FROM A READING FOR JULY 12, 15TH SUNDAY OF THE YEAR
'In Him, you also, when you had heard the word of truth, the gospel of your salvation, and had believed in Him, were marked with the seal of the promised Holy Spirit...' -- Ephesians 1:13


Listening to Sunday's three readings, there's no doubt God has especially called us.

The disciple of Paul responsible for the letter to the Ephesians says it best (Eph 1:3-14): "God chose us in [Christ] before the foundation of the world, to be holy and without blemish before Him....In Him we were also chosen, destined in accord with the purpose of the One who accomplishes all things according to the intention of His will, so that we might exist for the praise of His glory, we who first hoped in Christ."

We're not an historical accident. God not only brought us into existence, Jesus has chosen us to carry on His ministry. According to the author, should we doubt our having been chosen, we simply have to reflect on the fact that Jesus' Spirit has become an essential part of our life. We don't have such a powerful Spirit because of our looks, but because of what Jesus has called us to do and be.

Many are chosen
We're certainly not the first people to be chosen by Jesus to carry on His Spirit-guided ministry. Mark tells us in Sunday's Gospel (Mark 6:7-13) that He originally sent out the Twelve to join Him in preaching "repentance."

Scholars tell us that, as an itinerant preacher, Jesus was frequently accompanied by "the Twelve." They were the outward sign of His determination to direct His Good News to all of Israel's 12 tribes, not just to the preeminent tribes of Judah and Benjamin. He presumed all Yahweh's Chosen People were actually chosen - chosen to change their value systems so they could experience God working effectively in their daily lives.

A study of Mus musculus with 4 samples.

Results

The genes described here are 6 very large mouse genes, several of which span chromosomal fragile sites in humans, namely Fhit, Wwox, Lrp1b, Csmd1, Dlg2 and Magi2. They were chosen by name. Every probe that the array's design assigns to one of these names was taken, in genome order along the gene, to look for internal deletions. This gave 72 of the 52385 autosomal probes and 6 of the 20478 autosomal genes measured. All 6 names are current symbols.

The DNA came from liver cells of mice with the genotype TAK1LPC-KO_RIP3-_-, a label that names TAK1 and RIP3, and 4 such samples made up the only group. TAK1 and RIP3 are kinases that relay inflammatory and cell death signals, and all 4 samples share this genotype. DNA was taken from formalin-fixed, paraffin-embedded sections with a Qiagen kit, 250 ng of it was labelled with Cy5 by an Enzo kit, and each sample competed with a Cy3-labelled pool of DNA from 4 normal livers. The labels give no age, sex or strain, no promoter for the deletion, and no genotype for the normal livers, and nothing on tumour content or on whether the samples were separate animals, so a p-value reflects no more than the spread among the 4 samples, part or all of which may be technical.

In Sunday's Gospel, He teaches His specially-chosen 12 disciples that the message He entrusts to them is more important than anything else they'd experience on their journey. They should concentrate only on the essentials. Where they stay or what they eat is insignificant.

It doesn't even matter whether they fail or succeed in their preaching. He expects them to understand the importance of their message. Those chosen by God must always make certain their priorities are God's priorities.

Yet, as we hear in Amos' encounter with Amaziah (Amos 7:12-15), in difficult times we have to keep reminding ourselves that we're actually set aside by God for God's work. We can't waver in that conviction, as Amos seems to do: How can he tell Amaziah, "I'm no prophet?" He certainly looks and talks like a prophet.

Paid prophets
Realizing that the normal biblical way to surface Yahweh's word in our lives is to surface the prophets in our lives, priests and kings in ancient Israel created a system of "shrine and court prophets" - individuals on the payroll of the priests and kings, who supplied visitors to their shrines and advisors in their palace with the "word of God" the priests and kings wanted the visitors and advisors to hear.

Given this system, Amaziah thinks all he has to do is tell Amos, "Off with you, visionary; flee to the land of Judah! There earn your bread by prophesying, but never again prophesy in Bethel." He expects Amos to obey him like all his other "prophets" obey him. When Amos shouts, "I'm no prophet," he's saying, "I'm not on your payroll!" Yahweh told him to prophesy, not Amaziah.

Perhaps one reason we cave in under pressure when we're trying to carry on Jesus' ministry is that we're not convinced Jesus has called us to be "other Christs." We should reread Ephesians 1. There's no reason we can't be as certain of our calling as Amos was of his.